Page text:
Champions League: Marsch proves his own man to trouble Klopp′s Liverpool | Sports| German football and major international sports news | DW | 02.10.2019

In the end, his side came up just short, but not before fighting back from three goals down against the European champions. Red Bull Salzburg's American coach Jesse Marsch may have come of age on a night in Liverpool.

If imitation is the sincerest form of flattery, then Red Bull Salzburg have paid Liverpool the ultimate compliment.

Five months after the last European visitors to Anfield were on the end of the most astonishing comeback in Champions League history, the Austrian side came agonisingly close to topping it; coming back from 3-0 down to draw level, only for a Mo Salah strike to break their hearts. But never their spirit.

“Wow. They were really good, honestly," said Liverpool's former Salzburg winger Sadio Mane after the game. "I think we deserved to win but it was a very tough game. I know this team – they never give up, they try to score all the time and they caused us problems.”      

For the first third of the game, it had all looked so easy for the hosts. All the talk of Salzburg sharing Liverpool's predilection for pressing, of their American coach Jesse Marsch sharing Jürgen Klopp's compassion and nous and of their scouting system unearthing a string of exceptional young talents felt like so much hot air. "We had way too much respect for them in the first half," admitted Marsch.

Fittingly enough, Mane, the best example of that diamond-polishing player recruitment policy, sprinted away down the left touchline, exchanged passes with Roberto Firmino and gave his side a deserved ninth minute lead. As the ground erupted, Marsch hollered above the din to get the attention of his right back, Rasmus Kristensen. Somehow he managed to be heard and the Dane trotted over to receive his instructions, or perhaps admonishment.

Stuttering start for Salzburg

The width of a set of goalposts away, Klopp's celebrations were muted, the German saving his animated moments for his men turning the ball over in midfield or shifting vertically through the lines at speed. He knows that it's the dirty work, the effort and the unity of purpose that gives his men the platform to play. Marsch has also been keen to instill similar virtues in his side but 16 minutes after Mane's opener, he must have wondered whether that would be anywhere near enough.

With the hosts sensing blood, Andy Robertson surged forward with the ball. Marsch sensed the danger quicker than Kristensen and left his technical area to physically point out the Liverpool fullback's advanced position, his outstretched finger just inches from the Scot.

He may have wished he'd gone for a quick tug of the shirt and taken the booking when Robertson arrived in the box to slot home a low cross from Trent Alexander-Arnold. It was another ruthless demonstration of breakneck but controlled football, executed so perfectly as to appear automatic - the kind of move that takes years to groove, and special players to perform. One of those special players, Salah this time, added a third on 36 minutes, surely game over.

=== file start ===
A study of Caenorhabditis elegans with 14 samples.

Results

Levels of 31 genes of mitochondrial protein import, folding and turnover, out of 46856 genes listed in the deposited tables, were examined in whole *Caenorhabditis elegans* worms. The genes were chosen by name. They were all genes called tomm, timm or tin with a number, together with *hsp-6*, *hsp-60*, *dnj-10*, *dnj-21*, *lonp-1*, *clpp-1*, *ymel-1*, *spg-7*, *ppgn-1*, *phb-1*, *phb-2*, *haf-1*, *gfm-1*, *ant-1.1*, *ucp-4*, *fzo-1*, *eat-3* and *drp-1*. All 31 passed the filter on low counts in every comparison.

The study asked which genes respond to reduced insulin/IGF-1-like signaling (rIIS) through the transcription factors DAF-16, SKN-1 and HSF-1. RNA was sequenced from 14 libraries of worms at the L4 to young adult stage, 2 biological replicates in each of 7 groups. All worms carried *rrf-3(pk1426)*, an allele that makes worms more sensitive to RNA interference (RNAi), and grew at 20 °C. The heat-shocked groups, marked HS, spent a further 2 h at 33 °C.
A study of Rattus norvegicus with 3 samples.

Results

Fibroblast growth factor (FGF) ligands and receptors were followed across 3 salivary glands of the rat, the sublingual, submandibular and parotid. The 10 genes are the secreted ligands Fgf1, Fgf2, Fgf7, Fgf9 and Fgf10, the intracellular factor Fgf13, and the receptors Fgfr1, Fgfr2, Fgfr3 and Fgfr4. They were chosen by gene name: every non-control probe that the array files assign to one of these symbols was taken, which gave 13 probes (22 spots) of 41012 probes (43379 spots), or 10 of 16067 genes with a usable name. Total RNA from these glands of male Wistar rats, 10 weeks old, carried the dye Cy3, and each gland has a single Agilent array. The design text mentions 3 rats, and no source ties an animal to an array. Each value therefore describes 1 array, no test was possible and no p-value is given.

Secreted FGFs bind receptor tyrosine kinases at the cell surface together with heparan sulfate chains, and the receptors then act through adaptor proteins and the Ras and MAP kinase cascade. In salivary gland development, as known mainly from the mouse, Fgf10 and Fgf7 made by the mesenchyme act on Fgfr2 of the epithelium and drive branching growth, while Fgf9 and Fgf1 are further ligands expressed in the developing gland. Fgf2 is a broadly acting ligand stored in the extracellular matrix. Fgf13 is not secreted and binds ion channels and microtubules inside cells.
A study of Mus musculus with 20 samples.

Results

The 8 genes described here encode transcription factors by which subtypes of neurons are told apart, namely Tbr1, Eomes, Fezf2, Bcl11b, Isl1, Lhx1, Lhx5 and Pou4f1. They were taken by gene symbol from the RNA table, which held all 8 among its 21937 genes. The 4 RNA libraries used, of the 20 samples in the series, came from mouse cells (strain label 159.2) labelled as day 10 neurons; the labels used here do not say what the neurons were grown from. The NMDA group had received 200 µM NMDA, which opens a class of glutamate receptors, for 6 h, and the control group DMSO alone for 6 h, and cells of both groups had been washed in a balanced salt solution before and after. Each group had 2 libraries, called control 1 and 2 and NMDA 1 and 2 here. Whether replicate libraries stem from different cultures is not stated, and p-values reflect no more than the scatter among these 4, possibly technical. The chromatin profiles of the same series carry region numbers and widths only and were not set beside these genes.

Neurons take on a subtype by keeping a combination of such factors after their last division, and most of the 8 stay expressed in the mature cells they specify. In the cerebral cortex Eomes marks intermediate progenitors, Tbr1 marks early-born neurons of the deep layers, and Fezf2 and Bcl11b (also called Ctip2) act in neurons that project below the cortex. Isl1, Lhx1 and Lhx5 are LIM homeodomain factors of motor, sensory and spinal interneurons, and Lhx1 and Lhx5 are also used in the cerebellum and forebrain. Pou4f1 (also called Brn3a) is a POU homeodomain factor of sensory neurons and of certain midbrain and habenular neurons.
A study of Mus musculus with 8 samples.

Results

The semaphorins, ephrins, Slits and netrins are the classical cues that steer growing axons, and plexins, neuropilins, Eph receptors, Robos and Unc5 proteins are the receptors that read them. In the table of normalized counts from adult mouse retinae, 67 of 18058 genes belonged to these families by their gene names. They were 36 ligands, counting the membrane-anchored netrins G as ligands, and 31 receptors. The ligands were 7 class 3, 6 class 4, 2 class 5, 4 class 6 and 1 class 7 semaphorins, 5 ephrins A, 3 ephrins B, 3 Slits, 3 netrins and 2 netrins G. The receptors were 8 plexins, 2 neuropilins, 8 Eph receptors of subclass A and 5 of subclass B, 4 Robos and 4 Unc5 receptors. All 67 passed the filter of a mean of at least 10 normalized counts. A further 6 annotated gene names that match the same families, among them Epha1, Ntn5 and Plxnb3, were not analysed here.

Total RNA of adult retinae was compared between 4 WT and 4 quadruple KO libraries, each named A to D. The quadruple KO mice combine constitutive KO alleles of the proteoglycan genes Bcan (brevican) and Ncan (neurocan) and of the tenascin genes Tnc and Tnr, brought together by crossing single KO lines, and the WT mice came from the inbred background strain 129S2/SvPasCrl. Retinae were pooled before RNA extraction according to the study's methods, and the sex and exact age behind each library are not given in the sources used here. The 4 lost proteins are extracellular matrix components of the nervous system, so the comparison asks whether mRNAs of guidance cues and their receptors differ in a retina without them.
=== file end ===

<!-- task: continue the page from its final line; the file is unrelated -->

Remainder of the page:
The visitors had played themselves in to decent positions a few times only for touch and composure to let them down, with South Korean striker Hee-Chan Hwang a particularly guilty party. As such, his smart turn past Virgil van Dijk and crisp finish to pull the score back to 3-1 just before the break offered Marsch evidence that his players can respond to adversity, something they've become unaccustomed to domestically.

Mo Salah scores Liverpool's winner (Getty Images/A. Livesey)

Mo Salah scores Liverpool's winner

Unlike Barcelona, the team from the birthplace of Mozart weren't prepared to face the music and built towards a crescendo in the second half, with Adrian almost gifting them a goal before Hwang again scuffed a presentable chance wide. "We opened the door and they came running through," said Klopp.

On the touchline, Marsch sensed that door was swinging on its hinges. He pumped his fist and whirled his hands in the air, giving his striker the thumbs up despite his miss. Moments later he was celebrating the real thing as Hwang, once again demonstrating a rare resilience, picked out a cross to Takumi Minamino on the edge of the box and the Japanese midfielder lashed it home on the volley.

Celebrations and loss of control

But amidst the celebrations, Marsch was planning. He'd yet to bring out his biggest weapon and turned to Erling Braut Haaland, the 19-year-old whose hat-trick against Genk on matchday one had captured the imagination of Europe and the eye of scouts from the biggest clubs. Less than three minutes after coming on, he was hugging his boss after drawing his side level. Marsch finally lost any semblance of control and eventually got that booking, for sprinting on the pitch to celebrate with the players who'd done him so proud.

"I think that the main lesson to be learned from this is that we can play at this level, against an opponent like this, on this ground. If we play our football we will always have a chance," concluded Marsch

Thier first experience of the biggest stage suggests that Salzburg will earn themselves more chances. And if there's a team worth imitating, the champions of Europe are a decent place to start. But, on Wednesday night, Marsch and Red Bull Salzburg proved they're much more than a facsimile.